Assessing midterm losses, Democrats ask whether Obama’s White House fully grasped voters’ fears

“There doesn’t seem to be anybody in the White House who’s got any idea what it’s like to lie awake at night worried about money and worried about things slipping away,” said retiring Tennessee Gov. Phil Bredesen (D). “They’re all intellectually smart. They’ve got their numbers. But they don’t feel any of it, and I think people sense that.”

Bredesen had voiced such reservations long before the election, but more Democrats are saying the same thing after Tuesday’s defeats – although few are willing to cross the White House by doing so publicly.

Obama “is not Bill Clinton in the sense that he’s not an extrovert. He doesn’t gain energy by connecting with people,” said a Democratic strategist, who worked in the Clinton White House and asked not to be named while offering a candid criticism. “He needs to be forced to do it, either by self-discipline or others. There’s no one around him who will do that. They accommodate him, and that is a bad thing.”

William A. Galston, a Clinton White House policy adviser who is now a senior fellow at the Brookings Institution, said the midterm election revealed what had always been a “missing middle” to the Obama campaign message.

“Hope is a sentiment, not a strategy, and quickly loses credibility without a road map,” Galston wrote in a paper released two days after the election. “Throughout his first two years in office, President Obama often struggled to connect individual initiatives to larger purposes.”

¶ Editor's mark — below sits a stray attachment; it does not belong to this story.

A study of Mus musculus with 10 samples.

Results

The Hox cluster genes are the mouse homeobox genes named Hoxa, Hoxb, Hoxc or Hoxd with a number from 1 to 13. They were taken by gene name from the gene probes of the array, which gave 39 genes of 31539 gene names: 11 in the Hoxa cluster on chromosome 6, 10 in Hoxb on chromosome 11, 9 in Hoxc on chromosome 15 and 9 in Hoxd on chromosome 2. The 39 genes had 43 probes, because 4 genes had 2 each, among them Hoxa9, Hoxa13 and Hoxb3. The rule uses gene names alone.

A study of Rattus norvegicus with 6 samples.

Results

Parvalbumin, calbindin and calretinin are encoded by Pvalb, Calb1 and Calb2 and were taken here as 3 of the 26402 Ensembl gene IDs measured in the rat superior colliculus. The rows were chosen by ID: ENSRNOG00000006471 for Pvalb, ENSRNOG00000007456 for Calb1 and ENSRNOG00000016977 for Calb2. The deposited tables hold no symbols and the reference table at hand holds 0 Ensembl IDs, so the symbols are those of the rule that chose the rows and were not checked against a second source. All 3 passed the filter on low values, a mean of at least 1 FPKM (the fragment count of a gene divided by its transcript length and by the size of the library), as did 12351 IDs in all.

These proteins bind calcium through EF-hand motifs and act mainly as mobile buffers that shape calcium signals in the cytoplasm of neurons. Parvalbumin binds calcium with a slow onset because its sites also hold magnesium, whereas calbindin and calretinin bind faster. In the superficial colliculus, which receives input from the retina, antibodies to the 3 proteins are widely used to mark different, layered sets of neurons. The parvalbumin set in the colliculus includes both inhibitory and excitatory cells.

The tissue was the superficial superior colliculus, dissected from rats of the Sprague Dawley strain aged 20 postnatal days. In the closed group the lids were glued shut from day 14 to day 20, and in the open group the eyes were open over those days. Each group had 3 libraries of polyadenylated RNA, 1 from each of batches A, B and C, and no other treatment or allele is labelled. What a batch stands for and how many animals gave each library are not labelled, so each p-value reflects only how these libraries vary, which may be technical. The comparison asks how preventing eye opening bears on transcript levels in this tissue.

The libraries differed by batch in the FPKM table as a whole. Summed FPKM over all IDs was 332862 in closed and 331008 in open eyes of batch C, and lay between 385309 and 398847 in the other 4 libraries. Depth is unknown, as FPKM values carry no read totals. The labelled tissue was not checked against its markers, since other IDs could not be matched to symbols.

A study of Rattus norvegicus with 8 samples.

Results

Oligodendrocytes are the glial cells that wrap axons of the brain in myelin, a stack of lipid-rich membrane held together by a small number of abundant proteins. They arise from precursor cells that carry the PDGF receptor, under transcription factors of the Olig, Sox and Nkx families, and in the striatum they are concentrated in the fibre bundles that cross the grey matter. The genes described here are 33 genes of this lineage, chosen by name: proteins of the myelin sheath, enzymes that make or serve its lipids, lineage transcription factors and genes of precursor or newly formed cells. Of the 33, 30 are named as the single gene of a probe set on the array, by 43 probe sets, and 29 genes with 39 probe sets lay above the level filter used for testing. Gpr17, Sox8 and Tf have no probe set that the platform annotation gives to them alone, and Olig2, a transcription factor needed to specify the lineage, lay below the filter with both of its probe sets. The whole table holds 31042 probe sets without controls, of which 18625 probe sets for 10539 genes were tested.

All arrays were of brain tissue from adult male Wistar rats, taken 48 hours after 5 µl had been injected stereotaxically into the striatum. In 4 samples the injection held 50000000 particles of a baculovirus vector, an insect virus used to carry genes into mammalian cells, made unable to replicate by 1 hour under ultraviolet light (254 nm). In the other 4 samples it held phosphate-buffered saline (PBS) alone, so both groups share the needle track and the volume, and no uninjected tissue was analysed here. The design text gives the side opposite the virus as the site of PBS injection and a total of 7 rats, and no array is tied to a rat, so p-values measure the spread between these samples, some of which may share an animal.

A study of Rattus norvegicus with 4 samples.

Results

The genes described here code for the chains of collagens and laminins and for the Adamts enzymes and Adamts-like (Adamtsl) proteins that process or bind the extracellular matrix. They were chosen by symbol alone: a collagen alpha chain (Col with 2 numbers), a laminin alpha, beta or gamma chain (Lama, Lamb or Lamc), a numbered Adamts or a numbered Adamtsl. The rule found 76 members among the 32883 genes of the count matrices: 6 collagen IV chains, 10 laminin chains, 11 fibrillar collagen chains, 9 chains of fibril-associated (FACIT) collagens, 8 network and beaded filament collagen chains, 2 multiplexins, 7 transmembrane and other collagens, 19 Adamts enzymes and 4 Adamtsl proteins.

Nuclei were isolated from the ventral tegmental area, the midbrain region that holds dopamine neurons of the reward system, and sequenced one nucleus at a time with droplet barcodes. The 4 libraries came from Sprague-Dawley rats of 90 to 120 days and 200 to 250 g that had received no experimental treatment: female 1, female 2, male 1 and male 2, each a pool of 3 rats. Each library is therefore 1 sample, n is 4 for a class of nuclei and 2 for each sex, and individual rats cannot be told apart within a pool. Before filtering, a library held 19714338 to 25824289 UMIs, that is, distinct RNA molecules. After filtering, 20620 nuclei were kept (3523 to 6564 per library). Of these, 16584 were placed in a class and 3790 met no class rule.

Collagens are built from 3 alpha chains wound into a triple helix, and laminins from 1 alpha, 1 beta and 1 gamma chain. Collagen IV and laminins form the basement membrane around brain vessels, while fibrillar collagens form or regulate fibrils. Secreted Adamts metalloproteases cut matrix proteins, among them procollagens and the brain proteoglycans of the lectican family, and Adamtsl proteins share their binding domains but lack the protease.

With the public skeptical of and even hostile to his biggest accomplishments, including the economic stimulus package and the health-care overhaul, Obama fell back on a plea to voters not to turn back to failed Republican policies. That appeal “just missed what was happening with the country and with people,” said Democratic pollster Stan Greenberg.

Still, Democrats remain divided between their moderate and liberal wings over whether the president should continue to push hard with his agenda or move to the center to try to accommodate the Republicans in Congress.

What could turn that tension to open warfare within the party is the decision of outgoing House Speaker Nancy Pelosi (D-Calif.) to run for the job of minority leader in the next Congress, despite the fact that she had become a symbol of what Republicans called big-government overreach.